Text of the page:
Suction-cup glass markers are a simple way to cut back on dishwashing


#1

[Permalink]


#2

My kids are in the habit of using a new glass every time they get a drink of water.

There’s a very easy way to solve that which doesn’t involve purchasing anything new.

I really don’t know how to put this without coming off as snarky: the same liquid you fill those water glasses with is a useful cleaning agent. Simply rinse the glass off before filling it up. It doesn’t matter who used it before, so long as you rinse it, right?


#3

A more permanent alternative: just paint a symbol on the glass.


#4

Or you could just have a completely mismatched set of dishes (not to brag or anything).


#5

Yeah, but we are talking about children… have you seen what those things do with their hands?


#6

Or… you could teach your kids to remember where they left their drinking glass.


#7

In a perfect world maybe. The issue with kids (and adults too) is they get a glass of something, finish it, and hours later come back to get another drink and then can’t tell who’s is who’s anymore from the cluster of them on the kitchen counter so they grab a clean one. Stopping to wash it is often not practical, and can be actually wasteful of water and soap to do it every time.And it may be water, juice, milk, who knows–not necessarily just a quick rinse–especially considering that by a certain age, many kids would rather eat dirt than use the same glass their sibling used without heavy washing. Marking each person’s glass with their own symbol works wonders for reducing the number of glasses used in a house–we did it back in the day.


#8

This is much better than my method of smearing their hands with superglue!


#9

…or my plan to handcuff mugs to my children and wife.

“If you lose this, you drink only from CUPPED HANDS. DO YOU HEAR ME?”


#10

Yeah, but then you get into the whole “whose cupped hands are whose thing”, and you’re back to marking 'em.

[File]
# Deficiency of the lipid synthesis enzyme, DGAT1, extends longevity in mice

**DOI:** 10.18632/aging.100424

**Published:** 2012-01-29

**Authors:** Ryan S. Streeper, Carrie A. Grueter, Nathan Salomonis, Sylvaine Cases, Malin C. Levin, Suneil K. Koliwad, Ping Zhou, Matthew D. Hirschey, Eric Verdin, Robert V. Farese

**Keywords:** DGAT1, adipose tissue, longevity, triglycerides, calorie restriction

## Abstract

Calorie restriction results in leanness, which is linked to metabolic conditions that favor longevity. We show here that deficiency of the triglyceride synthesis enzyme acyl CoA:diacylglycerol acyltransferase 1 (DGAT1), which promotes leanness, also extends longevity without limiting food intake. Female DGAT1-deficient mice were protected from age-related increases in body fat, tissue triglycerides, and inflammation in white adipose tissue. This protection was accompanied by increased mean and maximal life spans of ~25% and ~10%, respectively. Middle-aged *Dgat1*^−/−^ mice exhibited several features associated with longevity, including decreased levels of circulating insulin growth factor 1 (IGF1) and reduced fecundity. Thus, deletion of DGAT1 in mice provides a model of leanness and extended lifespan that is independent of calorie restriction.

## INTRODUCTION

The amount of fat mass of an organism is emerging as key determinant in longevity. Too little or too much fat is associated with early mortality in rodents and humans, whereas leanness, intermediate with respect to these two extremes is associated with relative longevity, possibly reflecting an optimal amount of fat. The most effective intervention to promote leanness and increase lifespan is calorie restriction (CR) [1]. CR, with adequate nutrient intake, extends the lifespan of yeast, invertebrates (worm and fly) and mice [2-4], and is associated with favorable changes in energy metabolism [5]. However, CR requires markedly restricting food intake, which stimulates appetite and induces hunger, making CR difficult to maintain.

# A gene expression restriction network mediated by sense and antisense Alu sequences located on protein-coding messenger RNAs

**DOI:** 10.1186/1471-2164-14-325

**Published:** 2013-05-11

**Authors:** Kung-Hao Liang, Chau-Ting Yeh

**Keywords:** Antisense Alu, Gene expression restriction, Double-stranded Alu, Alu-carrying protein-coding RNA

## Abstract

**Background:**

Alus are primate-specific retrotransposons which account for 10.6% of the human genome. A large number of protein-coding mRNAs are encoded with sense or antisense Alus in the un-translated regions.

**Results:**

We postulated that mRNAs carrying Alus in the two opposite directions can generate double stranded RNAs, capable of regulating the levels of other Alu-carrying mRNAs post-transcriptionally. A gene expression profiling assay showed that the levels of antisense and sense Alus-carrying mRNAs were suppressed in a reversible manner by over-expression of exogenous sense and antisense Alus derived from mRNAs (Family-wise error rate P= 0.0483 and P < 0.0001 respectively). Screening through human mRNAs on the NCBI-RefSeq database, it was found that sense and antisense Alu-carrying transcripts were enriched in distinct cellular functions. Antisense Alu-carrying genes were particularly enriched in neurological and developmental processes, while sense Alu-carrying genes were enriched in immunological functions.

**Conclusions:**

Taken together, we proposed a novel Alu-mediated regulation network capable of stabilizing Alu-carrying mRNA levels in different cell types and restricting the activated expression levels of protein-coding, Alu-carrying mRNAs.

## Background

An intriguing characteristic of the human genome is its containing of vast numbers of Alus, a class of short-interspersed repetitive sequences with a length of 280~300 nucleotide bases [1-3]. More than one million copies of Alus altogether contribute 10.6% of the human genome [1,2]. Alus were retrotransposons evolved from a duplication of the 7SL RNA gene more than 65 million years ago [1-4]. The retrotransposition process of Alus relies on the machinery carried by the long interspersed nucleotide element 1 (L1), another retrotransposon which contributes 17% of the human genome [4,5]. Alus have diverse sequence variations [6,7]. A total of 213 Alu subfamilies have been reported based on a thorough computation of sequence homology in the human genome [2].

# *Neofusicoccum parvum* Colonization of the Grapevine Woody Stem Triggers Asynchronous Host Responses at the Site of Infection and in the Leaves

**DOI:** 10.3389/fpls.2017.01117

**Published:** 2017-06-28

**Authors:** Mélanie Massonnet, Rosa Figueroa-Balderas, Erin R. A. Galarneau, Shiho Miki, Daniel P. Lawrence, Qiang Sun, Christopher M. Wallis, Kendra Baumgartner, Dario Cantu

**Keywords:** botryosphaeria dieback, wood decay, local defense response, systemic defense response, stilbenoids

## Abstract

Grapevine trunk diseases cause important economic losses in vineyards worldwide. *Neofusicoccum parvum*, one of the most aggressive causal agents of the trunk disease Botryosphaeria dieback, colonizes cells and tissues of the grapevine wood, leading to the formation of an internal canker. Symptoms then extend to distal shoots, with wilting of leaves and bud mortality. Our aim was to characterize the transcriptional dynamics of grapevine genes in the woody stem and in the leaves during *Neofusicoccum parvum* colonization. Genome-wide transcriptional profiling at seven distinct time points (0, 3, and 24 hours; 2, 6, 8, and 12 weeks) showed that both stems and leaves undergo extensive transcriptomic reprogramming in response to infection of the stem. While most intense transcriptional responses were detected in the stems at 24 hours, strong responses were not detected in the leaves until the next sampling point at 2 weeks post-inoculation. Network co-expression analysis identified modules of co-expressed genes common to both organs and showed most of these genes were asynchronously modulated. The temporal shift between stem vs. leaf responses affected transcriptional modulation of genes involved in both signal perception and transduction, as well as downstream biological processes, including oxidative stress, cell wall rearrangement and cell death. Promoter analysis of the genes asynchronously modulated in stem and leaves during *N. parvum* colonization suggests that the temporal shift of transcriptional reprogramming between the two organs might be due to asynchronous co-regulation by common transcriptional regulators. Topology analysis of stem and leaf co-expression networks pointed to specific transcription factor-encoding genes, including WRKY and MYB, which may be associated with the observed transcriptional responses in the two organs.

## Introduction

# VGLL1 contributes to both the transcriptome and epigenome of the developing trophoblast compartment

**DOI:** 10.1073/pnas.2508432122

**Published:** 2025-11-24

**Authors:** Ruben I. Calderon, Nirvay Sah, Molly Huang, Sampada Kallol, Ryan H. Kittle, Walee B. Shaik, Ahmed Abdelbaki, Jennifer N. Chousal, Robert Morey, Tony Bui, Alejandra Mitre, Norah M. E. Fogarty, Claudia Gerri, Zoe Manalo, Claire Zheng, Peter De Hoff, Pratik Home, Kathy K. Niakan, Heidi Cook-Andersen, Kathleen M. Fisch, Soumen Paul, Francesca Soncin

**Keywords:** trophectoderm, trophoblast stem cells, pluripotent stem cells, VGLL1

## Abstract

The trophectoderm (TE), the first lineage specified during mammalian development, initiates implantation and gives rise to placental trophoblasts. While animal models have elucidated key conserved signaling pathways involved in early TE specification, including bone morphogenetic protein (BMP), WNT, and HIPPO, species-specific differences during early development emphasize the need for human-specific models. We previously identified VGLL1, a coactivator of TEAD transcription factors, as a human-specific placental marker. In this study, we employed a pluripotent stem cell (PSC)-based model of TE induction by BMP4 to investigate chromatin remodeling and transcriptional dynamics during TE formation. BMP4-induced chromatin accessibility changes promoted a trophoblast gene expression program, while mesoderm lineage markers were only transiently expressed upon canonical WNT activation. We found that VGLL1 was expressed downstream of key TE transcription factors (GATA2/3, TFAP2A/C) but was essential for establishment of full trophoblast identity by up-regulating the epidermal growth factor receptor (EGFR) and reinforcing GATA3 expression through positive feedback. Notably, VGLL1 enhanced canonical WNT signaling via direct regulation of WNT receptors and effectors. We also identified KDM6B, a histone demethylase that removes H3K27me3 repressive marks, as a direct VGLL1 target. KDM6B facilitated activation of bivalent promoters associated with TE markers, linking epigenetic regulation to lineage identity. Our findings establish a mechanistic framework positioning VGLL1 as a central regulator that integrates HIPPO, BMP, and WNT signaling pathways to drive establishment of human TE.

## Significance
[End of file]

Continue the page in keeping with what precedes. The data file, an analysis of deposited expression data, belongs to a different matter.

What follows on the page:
Wait, are the hands still attached? Softie.


#11

That is what i was going to say. We do have some nice matched formal glasses which rarely get used. Our everyday stuff is a bunch of mismatched stuff, often chosen by the kids themselves. One kid might be drinking from a German beer stein, the other might be using a tiki mug.


#12

Dibs on the collectible Princess Leia cup from Circle-K!


#13

This solution has two problems: The children need to look for their glass and can’t just pick one. And if someone not knowing the rules takes a reserved glass, we are back at square one.


#14

It is pretty hard to remember which glass is yours when there are suddenly 3 more glasses next to it… Never been to a party?


#15

No. No, I haven’t.
: (


#16

Each kid can have their own place to put their glass. If they’re old enough to be getting clean glasses down from the cupboard, they’re old enough to do that.


#17

Been using a variation on this for a while, different color hair bands on the glass. Definitely saves a lot of washed glasses. I’m kinda down on suction cups because I can’t get my GPS to stay on the frickin window!


#18

Adults aren’t any better, really. At work there are usually half a dozen or more little plastic water cups scattered around, nobody seems to know which is which.


#19

We use those crappy rubber wrist bands. Each of us with a different color.

The other alternative that we’ve used is hair ties, but I’ve got a house full of girls so you may not have those available.


#20

When I was a kid…

it was a no brainer…

we had color coded Tupperware glasses.

I had to pretend my Indigo one was Purple and my youngest brother who loved Orange got to claim both the Yellows and Reds, but it worked out pretty well. We owned exactly two Indigo glasses- it would be rude for me to dirty all the glasses, in case there was company later, so I understook that I had one to use per day. Simple kid logic. It might be un-aesthetic, but there is a reason for the color-coded, brand-linked “kids” dining ware.